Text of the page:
Carpenter Mountain

October 9, 1985

Three petite Obsidians enjoyed the sunny, yet cold day on this short hike to a viewpoint that gave us a broad expanse of exciting beauty. One person signed for this Indian Summer excursion didn’t arrive at the staging area, which is too bad because it was a wonderful experience. Gladys and I picked up Velma in east Springfield then we proceeded to the Blue River Ranger Station where we obtained road directions for our destination. We were shocked at the appearance of the Blue River Reservoir—no water, but we tried to imagine how it had looked before the dam. As we progressed up the hill we saw some small logging operations and had to avoid oversized equipment in the road.

Dressed warmly with wool caps and gloves, double layers over our legs and plenty of warm wraps on our upper body against the cold wind we started up the trail at 10 a.m. to the lookout perched atop the basalt column known as Carpenter Mountain. We climbed over a number of downed logs of various sizes, observed a strange structure that we decided measured precipitation, crossed through a long ago harvested area, and questioned the appearance of little red, white and blue flags on a couple of open slopes. Nearing the top of the mountain we encountered icy patches and small spots of snow along the trail, but the rocky approach was free of such matter and we arrived at the lookout at 11 a.m. The view was fantastic—it was clear and cloudless toward the high mountains which were covered with a new blanket of snow and ice. We could see the upper quarter of Mt. Hood, the western expanse of Mt. Jefferson, Three Fingered Jack, and Mt. Washington, and to the southeast were the Three Sisters in all their magnificence plus Bachelor, and way south Diamond Peak rose to be considered in the view. Many of the lesser peaks in the High Cascade chain were visible with a dusting of snow. Of course, there is a 360° range of beauty from this 5349 foot peak, but many of the views are spotted with large expanses of clearcutting, and the western views were somewhat hazy which added to the observance of ridge after ridge marching away into the distance.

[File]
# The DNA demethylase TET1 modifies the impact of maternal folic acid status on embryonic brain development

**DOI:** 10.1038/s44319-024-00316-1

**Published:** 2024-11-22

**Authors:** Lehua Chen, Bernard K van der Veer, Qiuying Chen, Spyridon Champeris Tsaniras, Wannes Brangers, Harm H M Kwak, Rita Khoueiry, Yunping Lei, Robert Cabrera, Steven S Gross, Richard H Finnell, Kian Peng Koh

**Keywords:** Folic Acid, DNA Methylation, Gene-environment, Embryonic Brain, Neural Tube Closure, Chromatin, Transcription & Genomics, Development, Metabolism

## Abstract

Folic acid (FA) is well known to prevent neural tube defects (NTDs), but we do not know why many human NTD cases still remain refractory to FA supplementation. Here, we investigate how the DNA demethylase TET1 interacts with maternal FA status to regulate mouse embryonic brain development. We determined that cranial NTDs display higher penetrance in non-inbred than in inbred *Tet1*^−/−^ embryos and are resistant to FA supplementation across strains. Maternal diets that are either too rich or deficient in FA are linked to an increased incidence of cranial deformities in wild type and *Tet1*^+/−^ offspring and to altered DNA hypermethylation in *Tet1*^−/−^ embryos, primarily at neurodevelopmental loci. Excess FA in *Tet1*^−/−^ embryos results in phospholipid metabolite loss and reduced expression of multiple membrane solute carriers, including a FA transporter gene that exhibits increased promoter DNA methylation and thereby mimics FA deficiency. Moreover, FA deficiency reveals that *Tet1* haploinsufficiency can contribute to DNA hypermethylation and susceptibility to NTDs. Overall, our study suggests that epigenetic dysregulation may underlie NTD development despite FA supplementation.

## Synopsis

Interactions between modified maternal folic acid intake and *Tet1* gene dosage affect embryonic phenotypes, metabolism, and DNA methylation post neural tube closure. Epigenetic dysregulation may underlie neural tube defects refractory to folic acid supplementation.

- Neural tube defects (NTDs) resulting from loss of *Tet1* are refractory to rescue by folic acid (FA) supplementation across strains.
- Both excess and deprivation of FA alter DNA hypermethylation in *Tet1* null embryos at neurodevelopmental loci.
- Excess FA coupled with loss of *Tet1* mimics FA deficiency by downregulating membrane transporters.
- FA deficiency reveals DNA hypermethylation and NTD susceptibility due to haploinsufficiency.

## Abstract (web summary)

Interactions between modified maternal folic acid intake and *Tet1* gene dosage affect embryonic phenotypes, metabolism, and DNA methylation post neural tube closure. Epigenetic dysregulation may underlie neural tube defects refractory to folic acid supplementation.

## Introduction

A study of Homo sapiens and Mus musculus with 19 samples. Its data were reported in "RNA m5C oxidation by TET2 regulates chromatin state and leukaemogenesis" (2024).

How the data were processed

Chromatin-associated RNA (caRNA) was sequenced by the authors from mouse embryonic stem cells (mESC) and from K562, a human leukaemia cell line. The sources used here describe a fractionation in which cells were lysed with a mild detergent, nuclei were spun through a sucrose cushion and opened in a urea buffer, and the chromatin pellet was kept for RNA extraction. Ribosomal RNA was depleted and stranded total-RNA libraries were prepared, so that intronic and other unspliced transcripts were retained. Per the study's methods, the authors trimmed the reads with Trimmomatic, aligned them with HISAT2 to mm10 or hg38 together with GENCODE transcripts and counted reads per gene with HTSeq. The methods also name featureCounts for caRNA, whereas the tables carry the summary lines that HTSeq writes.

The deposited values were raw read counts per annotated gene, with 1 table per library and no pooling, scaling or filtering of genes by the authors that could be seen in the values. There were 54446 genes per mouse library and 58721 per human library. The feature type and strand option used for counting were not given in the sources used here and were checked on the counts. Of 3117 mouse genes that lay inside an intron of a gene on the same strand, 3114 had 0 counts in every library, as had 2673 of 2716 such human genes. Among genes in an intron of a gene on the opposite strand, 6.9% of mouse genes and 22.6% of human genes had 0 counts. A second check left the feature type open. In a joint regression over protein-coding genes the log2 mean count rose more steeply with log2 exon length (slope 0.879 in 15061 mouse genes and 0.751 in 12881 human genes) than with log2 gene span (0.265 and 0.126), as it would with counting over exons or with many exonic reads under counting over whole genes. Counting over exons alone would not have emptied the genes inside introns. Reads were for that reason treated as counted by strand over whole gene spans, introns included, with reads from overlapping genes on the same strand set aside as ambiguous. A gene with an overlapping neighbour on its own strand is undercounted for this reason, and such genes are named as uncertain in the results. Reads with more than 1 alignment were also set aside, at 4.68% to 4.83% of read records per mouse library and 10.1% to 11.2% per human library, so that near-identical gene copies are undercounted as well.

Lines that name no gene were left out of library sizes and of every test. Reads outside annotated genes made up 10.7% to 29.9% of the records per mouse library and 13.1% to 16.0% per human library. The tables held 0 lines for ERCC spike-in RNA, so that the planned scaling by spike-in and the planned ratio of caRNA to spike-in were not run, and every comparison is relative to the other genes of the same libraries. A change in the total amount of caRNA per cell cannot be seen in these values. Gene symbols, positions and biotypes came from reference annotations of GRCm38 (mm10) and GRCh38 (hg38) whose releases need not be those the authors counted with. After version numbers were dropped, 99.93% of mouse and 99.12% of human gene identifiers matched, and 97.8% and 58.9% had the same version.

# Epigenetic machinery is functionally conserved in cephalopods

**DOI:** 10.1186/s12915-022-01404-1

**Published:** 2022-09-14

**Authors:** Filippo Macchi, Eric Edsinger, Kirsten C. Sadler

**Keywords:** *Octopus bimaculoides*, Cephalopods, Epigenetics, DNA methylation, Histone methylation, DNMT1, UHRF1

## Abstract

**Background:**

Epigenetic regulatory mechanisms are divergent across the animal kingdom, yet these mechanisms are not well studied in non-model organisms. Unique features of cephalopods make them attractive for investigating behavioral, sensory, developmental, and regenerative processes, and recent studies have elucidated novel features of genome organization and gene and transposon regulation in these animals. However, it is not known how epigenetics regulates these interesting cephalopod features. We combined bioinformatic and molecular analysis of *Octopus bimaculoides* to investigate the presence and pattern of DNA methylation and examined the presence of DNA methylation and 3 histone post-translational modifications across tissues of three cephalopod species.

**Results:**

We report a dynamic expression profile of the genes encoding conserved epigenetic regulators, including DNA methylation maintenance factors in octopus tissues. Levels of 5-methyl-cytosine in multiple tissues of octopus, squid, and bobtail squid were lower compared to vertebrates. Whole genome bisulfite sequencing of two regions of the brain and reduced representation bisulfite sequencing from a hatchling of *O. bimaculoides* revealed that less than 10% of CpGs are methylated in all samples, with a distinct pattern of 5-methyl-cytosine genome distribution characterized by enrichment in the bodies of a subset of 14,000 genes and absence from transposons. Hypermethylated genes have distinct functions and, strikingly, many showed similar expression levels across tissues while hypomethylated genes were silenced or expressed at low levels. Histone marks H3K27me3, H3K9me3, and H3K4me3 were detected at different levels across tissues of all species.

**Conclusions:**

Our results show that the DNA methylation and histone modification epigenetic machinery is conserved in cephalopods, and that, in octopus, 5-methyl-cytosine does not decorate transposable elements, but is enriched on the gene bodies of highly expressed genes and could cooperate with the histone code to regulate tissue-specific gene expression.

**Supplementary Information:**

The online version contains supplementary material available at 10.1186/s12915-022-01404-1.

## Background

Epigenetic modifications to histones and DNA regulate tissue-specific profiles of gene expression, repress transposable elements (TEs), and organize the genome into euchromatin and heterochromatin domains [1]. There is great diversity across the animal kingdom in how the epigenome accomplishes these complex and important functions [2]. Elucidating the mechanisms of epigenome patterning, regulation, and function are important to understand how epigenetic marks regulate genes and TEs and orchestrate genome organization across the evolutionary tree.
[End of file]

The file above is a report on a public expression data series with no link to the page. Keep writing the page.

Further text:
We found a very comfortable spot on the south side of the lookout which protected us from the wind and provided us with the warmth of the sun. It was so pleasant there that w e hung around for an hour and a half munching on lunch, discussing Obsidian affairs, talking about friends (did your ears burn?), spotting familiar and unfamiliar points of interest, noticing that the lookout was in need of a paint job, and observing that all the leaves had been blown off the vine maple that surrounds the base of the pinnacle. We almost hated to leave this beautiful place, but decided we should try other things. On the way back down I showed Gladys and Velma the spring below the scree slope.

As we approached the harvested section we found the old Blue River Trail and hiked down it for about 15 minutes. We opted not to go the distance to the logging road as we didn’t want to hike back up the road and around to the trail head (logging road hiking isn’t that interesting), so we retraced our steps back up the hill to the Carpenter Mtn. trail and back to the car arriving there about 2 p.m. By then it had grown considerably warmer and we were able to shed part of our gear, have another partial lunch break, then proceed down to civilization. We stopped at the ranger station again to get some questions answered about the strange structure and the flags on the hillside, but were unable to have our curiosity satisfied. The flags are possible testing plots of hemlock sprouts being conducted by researchers of the H.J. Andrews Experimental Forest.

Arriving home about 4 p.m. were Gladys Grancorvitz, Velma Shirk and leader Lois Schreiner.